Do you still remember unpacking holiday presents as a child? The simple joy of finding out what your relative bought for you, but also a slight apprehension, because what if you're getting another sweater from grandma? Regardless of when you experienced your childhood years, in the 80s, 90s, or maybe already in the new millennium, there is good chance you know one other thing, too. The hope of receiving a game console, or maybe just a game, as a present. Let's take a look at what gaming gear captured the hopes and dreams of children in the last four decades.
Important note: numbers given reflect overall sales, from release to discontinuation of respective platforms.
If there is one console that broke the 80s, it's the Nintendo Entertainment System, released in 1983 (1985 in the US). It rocked nearly 62 million units sold, while the closest competition that decade, Sega Genesis (launched in 1988) had half that, at almost 31 million copies. Depending on how you count, Game Boy could potentially beat NES sales, but with several various editions the exact numbers for the 1989 release are difficult to pin down. One way or another, the 1980s belonged to Nintendo, which still has the best numbers when it comes to console units sold.
Some of the most iconic games in history had been released on NES, including Super Mario Bros, Castlevania, and Donkey Kong. If there is a single system that kick-started gaming as a popular hobby, it's the Nintendo Entertainment System.
But then the 1990s came, and with them the Super Nintendo Entertainment System (SNES) with almost 50 million units sold, Nintendo 64 with 32 million sales...and then there was PlayStation (the original one) in 1994.
It globally sold over 100 million units over nine years, becoming the first game console to have such sales. One of the main selling points was a solid support for third-party developers. While Nintendo and Sega at the time focused on making games in-house and largely ignored third-party developers, Sony reached out, providing tools and support to creators.
Not that PS had no competition. Nintendo 64 sold fewer units, but it was a solid product nonetheless and had very good reception. N64 was released two years after PS, and used this time to get more powerful hardware. The advantage was unclear, however. N64 had better multiplayer and no loading times, PS had CDs and handled certain graphics better. Nintendo's continuing use of cartridges was a problem for many developers, however, and the lack of support drove them away, towards more welcoming Sony and its CDs.
The nineties were a good time for gaming overall, with prominent titles like Fire Emblem (Famicom), Mario Kart (SNES), and Resident Evil (PS1) making their debut during that time. And there were the Pokémon, of course. And that's only console titles. PC gaming was living a dream and enjoying a boom of popularity and new franchises.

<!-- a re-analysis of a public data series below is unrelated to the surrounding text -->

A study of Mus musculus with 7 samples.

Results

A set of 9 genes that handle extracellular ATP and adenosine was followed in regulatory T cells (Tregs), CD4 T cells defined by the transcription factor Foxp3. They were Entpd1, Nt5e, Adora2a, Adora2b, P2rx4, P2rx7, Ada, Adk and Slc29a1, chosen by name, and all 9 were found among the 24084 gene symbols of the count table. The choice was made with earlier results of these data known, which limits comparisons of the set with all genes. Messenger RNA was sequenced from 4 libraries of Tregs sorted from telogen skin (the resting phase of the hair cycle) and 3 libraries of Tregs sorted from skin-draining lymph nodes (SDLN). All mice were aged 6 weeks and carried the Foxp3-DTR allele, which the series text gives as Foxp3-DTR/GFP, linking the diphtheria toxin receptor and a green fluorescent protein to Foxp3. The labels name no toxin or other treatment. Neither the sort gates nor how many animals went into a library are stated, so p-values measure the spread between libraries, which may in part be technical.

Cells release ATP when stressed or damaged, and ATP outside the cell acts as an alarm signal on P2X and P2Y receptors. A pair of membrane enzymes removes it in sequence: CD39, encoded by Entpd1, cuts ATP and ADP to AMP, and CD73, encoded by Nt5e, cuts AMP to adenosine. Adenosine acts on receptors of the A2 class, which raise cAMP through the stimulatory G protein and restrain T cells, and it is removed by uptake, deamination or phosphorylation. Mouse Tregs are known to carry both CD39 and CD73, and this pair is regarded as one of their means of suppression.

The 2000s were the time when Sega dropped from the game console competition entirely and Microsoft took its place. That decade was also a resurgence of handheld consoles. GameBoy Advance (81 million units sold overall), Nokia N-gage (a flop at 3 million units shipped), a smash hit Nintendo DS (154 million units), PlayStation Portable (82 million)... Gamers in the early 21st century had more way to play games outside that in any other decade.
Both Microsoft and Sony launched two consoles that decade. MS has Xbox (in 2001) and Xbox 360 (in 2005). The latter sold 84 million units, over three times more than its predecessor. Sony on the other hand had PlayStation 2 in 2000 and PlayStation 3 in 2007, with over 155 million and over 83 million units sold, respectively.
Some of the games that held gamers attention during that time were Mass Effect (originating on Xbox 360), Gears of War (X360), and Uncharted (PlayStation 3), all three are franchises that entered the gaming hall of fame.
We still have several years before the decade ends, so it may be a bit too early to make assessments and summaries. So let's do it just a little, quietlike. We got PlayStation 4, we got Xbox One, both of which haveare waiting for their more superior versions, Nintendo has 3DS and WiiU, and we're all waiting for Nintendo Switch.
The great comeback of virtual reality after some really, really botched attempts way back in the 80s and 90s apparently hit the jackpot with Vive, Oculus, or PS VR, opening new possibilities for consoles and developers alike. As for the games, so far 2010s gave us Dishonored, Dark Souls, and Minecraft, among many other new franchises.
Gaming has come a long way over the years, and so have the gaming consoles. From simple graphics made mostly of oversized pixels we came to the era of photorealistic visuals that can create some of the most incredible action sequences in an interactive fashion, putting movies to shame.
But over the years one thing remains a constant: a new console is one of the coolest things we as gamers can see after unpacking the present marked with our name. Receiving a new game is a very close second, and, thankfully there are plenty Christmas sales to make it much easier to buy more for less.